2019-10-01 07:55:11 | BioPortfolio

Summary

Iron is a vital substrate for hemoglobin production and sufficient iron stores are necessary to achieve and maintain adequate levels of hemoglobin.

Description

Iron is a vital substrate for hemoglobin production and sufficient iron stores are necessary to achieve and maintain adequate levels of hemoglobin. Unfortunately, more than one third of patients with cyanotic heart disease are iron-deficient (1),(2). In 1990, West et al, have demonstrated that more than one-third of patients with congenital cyanotic heart diseases (CCHD) had iron deficiency(3) In another study done by Olcay et al, the prevalence of iron deficiency anemia (IDA) was found to be 52.2%(4).

Possible causes of iron deficiency include increased iron consumption through increased erythropoiesis, inappropriate venesections, hemoptysis, bleeding from arteriovenous malformations or collateral vessels, abnormal hemostasis, limited dietary intake or absorption, and use of anticoagulants and antiplatelets (5).

Also congenital cyanotic heart lesions are associated with a state of constant hypoxia This hypoxia triggers a physiological increase in erythropoietin release leading to stimulation of the bone marrow to produce more red cells in an effort to increase the body's oxygen carrying capacity, so as to improve oxygen delivery to the tissues. With persisting right to left shunt, the arterial oxygen tensions remain perpetually low and so the production of more and more red cells goes unabated leading to polycythemia. This seemingly noble physiological response eventually leads to depletion of iron stores (6).

In these patients, the total haemoglobin is normal, high or slightly reduced compared to aged-matched normal individuals without cyanosis. However, the MCV, MCH and serum ferritin are usually comparatively lower than their peers as shown by Cemile et al - a phenomenon known as relative anemia (7).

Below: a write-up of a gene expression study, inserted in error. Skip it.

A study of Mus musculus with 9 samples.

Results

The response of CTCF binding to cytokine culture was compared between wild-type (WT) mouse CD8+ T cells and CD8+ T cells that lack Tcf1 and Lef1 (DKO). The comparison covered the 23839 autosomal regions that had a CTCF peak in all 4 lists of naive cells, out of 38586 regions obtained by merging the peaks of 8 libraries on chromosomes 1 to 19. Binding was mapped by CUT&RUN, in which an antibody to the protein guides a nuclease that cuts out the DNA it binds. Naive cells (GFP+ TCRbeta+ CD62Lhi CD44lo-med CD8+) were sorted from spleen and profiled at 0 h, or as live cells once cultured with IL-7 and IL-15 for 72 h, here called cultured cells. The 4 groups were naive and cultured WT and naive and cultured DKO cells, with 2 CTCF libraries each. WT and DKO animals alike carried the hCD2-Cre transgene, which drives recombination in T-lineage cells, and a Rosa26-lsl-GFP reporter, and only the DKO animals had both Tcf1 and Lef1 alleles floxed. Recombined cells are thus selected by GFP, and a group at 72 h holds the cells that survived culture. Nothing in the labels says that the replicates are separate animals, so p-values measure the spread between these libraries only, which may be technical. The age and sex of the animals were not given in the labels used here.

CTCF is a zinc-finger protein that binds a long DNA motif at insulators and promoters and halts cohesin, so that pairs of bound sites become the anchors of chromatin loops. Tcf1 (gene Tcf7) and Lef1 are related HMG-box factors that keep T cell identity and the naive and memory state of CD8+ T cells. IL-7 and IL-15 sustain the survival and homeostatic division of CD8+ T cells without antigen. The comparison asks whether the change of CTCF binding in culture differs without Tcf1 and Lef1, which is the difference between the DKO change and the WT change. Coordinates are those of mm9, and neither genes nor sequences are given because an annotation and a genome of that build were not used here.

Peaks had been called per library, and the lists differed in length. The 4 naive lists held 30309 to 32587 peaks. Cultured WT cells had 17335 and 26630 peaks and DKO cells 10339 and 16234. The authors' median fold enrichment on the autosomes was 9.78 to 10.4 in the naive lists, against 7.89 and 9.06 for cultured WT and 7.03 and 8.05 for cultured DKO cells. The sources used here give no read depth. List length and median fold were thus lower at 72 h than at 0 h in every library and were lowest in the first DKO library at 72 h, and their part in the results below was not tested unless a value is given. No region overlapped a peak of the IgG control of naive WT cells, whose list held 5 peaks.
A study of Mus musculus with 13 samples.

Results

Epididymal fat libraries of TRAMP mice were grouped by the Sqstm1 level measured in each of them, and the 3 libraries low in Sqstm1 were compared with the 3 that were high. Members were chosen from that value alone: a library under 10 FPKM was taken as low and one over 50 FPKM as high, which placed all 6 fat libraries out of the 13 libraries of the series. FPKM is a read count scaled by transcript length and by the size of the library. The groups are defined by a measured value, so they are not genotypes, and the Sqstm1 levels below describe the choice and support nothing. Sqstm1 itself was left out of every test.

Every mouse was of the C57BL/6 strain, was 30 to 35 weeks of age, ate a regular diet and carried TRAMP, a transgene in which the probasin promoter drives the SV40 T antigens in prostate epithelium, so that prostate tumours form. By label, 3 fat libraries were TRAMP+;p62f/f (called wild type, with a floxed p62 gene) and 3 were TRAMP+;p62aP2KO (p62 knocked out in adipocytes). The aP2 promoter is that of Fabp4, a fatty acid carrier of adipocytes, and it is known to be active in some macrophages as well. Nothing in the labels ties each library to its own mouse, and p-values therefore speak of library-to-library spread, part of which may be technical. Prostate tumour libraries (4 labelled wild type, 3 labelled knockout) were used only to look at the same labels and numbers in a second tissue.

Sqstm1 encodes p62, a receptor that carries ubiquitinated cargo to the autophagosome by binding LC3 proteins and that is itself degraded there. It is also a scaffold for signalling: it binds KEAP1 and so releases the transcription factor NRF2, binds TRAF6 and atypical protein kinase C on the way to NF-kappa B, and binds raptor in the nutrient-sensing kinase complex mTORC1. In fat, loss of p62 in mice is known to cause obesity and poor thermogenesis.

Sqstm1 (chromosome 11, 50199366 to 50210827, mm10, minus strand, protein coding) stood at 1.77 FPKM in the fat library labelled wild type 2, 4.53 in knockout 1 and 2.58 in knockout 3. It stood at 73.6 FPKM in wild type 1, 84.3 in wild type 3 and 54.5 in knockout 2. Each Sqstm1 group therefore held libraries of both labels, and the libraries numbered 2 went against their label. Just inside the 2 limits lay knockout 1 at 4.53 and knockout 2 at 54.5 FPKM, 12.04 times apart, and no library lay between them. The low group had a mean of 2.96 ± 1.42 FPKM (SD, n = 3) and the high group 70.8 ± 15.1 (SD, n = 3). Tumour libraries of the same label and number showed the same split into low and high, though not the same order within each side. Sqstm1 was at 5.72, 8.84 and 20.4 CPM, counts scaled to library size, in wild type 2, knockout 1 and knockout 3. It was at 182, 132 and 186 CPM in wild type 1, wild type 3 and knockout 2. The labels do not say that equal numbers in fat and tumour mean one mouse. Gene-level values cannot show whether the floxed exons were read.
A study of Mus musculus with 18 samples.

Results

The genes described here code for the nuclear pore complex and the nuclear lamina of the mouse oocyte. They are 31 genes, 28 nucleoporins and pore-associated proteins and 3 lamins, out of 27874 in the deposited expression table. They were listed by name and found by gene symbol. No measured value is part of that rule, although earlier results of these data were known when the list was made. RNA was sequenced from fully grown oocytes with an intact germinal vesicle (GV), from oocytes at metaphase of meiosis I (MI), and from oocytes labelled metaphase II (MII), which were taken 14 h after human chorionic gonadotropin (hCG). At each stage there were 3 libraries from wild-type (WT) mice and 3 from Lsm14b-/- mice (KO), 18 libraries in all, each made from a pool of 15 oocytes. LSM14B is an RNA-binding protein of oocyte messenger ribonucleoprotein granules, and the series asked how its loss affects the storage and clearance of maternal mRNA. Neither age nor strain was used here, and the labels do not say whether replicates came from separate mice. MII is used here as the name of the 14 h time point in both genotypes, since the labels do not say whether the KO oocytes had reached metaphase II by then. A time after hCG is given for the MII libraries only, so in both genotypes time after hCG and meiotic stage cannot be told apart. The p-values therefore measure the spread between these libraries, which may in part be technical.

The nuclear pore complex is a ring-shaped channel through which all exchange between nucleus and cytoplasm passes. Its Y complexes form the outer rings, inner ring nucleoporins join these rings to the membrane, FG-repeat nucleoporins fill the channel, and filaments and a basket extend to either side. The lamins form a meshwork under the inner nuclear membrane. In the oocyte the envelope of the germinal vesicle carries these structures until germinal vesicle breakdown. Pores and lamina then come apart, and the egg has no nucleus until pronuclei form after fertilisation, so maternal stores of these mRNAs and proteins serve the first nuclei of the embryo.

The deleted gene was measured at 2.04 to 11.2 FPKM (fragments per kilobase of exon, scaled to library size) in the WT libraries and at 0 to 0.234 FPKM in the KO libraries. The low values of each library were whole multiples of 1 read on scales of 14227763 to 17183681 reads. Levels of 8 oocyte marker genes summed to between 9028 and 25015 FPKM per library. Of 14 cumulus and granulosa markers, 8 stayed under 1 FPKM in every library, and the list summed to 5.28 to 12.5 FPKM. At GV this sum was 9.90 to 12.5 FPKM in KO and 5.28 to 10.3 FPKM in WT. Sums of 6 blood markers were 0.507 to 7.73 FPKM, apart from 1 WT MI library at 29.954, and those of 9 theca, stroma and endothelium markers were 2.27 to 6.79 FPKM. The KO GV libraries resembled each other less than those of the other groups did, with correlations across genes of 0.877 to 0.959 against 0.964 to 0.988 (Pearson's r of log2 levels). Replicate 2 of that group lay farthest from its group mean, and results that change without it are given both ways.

In fact, traditional diagnostic criteria for anemia do not apply to these patients, where "appropriate" levels of hemoglobin may vary according to their oxygen saturations (8). Also, other erythrocyte indices such as MCV and MCH are not sensitive indicators of iron deficiency in cyanotic patients (9).

IDA aggravates hyperviscosity symptoms due to the presence of microcytic erythrocytes not amenable to deformation in the microcirculation. Thus, presence of IDA in these children further increases their chances of morbidity in the form of cerebrovascular events and cyanotic spells (10).

The high incidence of iron deficiency among children with CCHD draws attention to the importance of evaluating iron deficiency in this population.

Study Design

Conditions

Congenital; Cyanotic Heart Disease

Intervention

iron profile

Status

Not yet recruiting

Source

Assiut University

Results (where available)

View Results

Links

Published on BioPortfolio: 2019-10-01T07:55:11-0400


Iron or iron compounds used in foods or as food. Dietary iron is important in oxygen transport and the synthesis of the iron-porphyrin proteins hemoglobin, myoglobin, cytochromes, and cytochrome oxidase. Insufficient amounts of dietary iron can lead to iron-deficiency anemia.